The owners of the Dublin shopping mall want to remove its central fountain.

Image: Blanchardstown Shopping Centre

THE FIRM BEHIND Blanchardstown Shopping Centre has the all-clear to demolish parts of the internal mall – including the centre’s large water fountain – to bring the facility “in line with modern requirements”.

Earlier this year, Blanche Retail Nominee Limited asked Fingal County Council if its new plans to renovate the mall would be exempt from the normal development application process.

The proposed works included demolition of notable aspects of the shopping centre, including the large water fountain – which will make way for a new children’s play area.

A bridge spanning the current void between the first and second levels would also be constructed.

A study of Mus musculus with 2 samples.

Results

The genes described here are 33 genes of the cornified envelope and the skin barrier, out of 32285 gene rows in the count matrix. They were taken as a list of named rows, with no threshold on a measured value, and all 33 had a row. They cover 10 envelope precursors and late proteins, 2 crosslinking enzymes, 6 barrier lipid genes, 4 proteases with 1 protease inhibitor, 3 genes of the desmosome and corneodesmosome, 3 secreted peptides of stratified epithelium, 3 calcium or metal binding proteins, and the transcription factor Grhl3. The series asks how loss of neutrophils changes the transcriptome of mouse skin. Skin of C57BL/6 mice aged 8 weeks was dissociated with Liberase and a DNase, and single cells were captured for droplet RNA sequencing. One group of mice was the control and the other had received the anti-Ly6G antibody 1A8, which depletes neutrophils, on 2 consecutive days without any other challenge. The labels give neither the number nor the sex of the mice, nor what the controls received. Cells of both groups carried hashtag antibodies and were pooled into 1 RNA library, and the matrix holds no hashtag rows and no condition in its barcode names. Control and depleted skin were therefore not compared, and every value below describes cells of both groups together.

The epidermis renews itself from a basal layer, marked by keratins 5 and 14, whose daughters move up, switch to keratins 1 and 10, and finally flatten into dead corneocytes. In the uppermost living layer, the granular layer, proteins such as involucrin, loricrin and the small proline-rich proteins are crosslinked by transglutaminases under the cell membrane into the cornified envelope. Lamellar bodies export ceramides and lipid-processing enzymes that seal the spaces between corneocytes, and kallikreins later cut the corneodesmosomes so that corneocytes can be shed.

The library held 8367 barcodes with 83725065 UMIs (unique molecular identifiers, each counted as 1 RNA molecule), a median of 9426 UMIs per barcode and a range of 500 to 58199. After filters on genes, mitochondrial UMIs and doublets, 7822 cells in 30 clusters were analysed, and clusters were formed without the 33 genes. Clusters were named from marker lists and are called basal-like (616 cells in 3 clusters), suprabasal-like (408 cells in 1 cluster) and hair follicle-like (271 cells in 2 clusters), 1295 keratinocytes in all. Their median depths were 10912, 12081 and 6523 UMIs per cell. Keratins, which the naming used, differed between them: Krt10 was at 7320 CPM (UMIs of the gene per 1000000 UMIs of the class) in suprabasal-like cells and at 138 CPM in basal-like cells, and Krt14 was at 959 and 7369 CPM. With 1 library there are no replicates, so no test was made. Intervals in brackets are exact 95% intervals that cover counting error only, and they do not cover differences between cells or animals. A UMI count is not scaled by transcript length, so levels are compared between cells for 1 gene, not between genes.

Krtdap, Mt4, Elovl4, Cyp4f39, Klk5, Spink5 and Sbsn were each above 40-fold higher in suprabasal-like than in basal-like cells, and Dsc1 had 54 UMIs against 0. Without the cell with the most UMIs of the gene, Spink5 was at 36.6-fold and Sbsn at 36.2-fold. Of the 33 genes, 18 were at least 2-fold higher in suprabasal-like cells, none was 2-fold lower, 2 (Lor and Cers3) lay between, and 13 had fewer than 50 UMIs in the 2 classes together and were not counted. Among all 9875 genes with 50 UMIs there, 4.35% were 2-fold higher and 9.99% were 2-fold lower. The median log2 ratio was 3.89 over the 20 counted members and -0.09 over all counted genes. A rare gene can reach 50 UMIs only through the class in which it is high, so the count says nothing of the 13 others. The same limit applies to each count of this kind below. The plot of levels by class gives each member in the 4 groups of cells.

Other works proposed include the replacement of the travelators with escalators and insertion of two new lift shafts between the first and second levels of the mall.

Fingal council gave the works the all-clear on the basis they did not increase the centre’s floorspace or involve “material change” to the use of the building.

According to Blanchardstown Shopping Centre’s operator, the latest renovation works were needed “in order to bring this important retail destination in line with modern requirements”.

Screen Shot 2018-08-08 at 15.28.45 The area of the centre due to be upgraded Source: YouTube

Blackstone

Since its takeover of the Dublin retail centre in 2016 for €945 million, US giant Blackstone Real Estate has made numerous moves to upgrade the building.

Last year, a subsidiary, Multi Corporation, applied for permission to build a new, 5,574 sq m development in order to create several large retail units on the lower and upper levels of the central mall.

A few months later, Blackstone also revealed plans to extend Blanchardstown centre’s ‘red mall’ and add nearly 10% to the centre’s existing retail space.


Blanchardstown centre’s owners originally requested permission for 54 kiosks, but the plans were scaled back following objections by retailer Dunnes Stores.